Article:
Skip links are a fairly common accessibility design pattern that help screen reader users navigate a page. Stack Exchange pages are large and complex enough that they should probably have skip links implemented.
I'm going to introduce what skip links are for the benefit of anyone who may not be familiar. My actual suggestion about how to employ this pattern on Stack Exchange is in the last section.
What are skip links?
In a nutshell the skip link design pattern consists of the following:
- A series of links in the top of the page.
- These links are invisible until given keyboard focus. (Most users will never know they even exist.)
- They are the very first elements in tab order, however, so they will be the first links that gets focused when you hit TAB.
- Each skip link points to a major page landmark (search, main navigation, main content, footer). They strictly move within the page you're already in (like anchor links) and never navigate you to other pages. The header won't have a skip link because it's the first piece of content you'll reach anyway.
- Traditionally a skip link that is focused is visible in the top or top left of a page.
They exist to help address WCAG 2.1 Success Criterion 2.4.1, Bypass Blocks (level A):
A mechanism is available to bypass blocks of content that are repeated on multiple Web pages.
(Blocks of content in our case would be the header, navigation bars, page content, the sidebar and/or individual sidebar sections, etc.)
Here's some sites where you can immediately test drive some skip links: click the link and hit TAB once you're on the page.
Note that if you're using Safari or Firefox on MacOS, these skip links may not show up without changing one of your settings. You may want to dip into Chrome for this on MacOS.
Mozilla developer pages — look at the top center:
WebAIM.org — look in the top left, there is only one skip link on this site:
Wikipedia — look inside the page content for these ones:
Back to Stack Exchange: Where would they point?
On Stack Exchange they ought to point to the following locations:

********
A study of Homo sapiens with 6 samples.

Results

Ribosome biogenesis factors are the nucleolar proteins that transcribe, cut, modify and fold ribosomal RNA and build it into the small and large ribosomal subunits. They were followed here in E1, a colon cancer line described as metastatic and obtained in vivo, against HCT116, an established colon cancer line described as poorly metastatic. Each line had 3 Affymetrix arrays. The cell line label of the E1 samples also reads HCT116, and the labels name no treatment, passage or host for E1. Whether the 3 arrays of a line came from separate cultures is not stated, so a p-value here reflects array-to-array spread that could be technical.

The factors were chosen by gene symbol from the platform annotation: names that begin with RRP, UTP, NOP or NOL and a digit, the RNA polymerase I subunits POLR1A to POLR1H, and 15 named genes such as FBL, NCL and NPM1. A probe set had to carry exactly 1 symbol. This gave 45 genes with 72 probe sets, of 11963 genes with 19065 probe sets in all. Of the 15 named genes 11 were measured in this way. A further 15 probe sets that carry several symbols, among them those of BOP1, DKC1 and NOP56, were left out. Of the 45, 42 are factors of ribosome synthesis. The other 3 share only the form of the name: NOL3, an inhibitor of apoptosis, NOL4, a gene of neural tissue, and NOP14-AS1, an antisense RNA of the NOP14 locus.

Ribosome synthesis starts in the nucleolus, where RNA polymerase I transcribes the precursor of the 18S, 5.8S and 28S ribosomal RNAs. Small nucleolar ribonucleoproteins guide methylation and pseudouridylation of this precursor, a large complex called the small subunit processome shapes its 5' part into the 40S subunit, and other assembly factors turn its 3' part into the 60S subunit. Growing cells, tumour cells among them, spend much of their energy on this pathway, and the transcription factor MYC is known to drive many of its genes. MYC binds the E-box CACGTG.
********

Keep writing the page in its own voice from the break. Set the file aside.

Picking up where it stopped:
- Main navigation, i.e.: home, questions, tags, users, unanswered
- Main content: the
#contentelement. This means the question list, question page, search results, etc.
- Additionally, ensure users have an accessible way to jump to & between answers easily: see Stack Exchange's keyboard shortcuts are not accessible to visually impaired users. If this can't be done (or can't be done at the time skip links are added), also include a "skip to first answer" after the "skip to main content" skip link on Q&A pages.
- Sidebar, so as to find community bulletin, related questions, watched/ignored tags, etc. Only shows up when the sidebar is present, which I think means on the question list & question page.
(The search bar and header is the first thing to come after the skip links, so it doesn't need one. Note however the header is not very accessible so there will be some work needed to convey to users what they're tabbing into.)
The idea is to help people reach the main chunks of content, skipping large chunks of content to anywhere there's something important the user would want to read and interact with. It's especially important to be able to skip past extremely large or unpredictably large chunks of content, hence the skip to the sidebar and to the footer. From there the user can find their way to more specific content and features.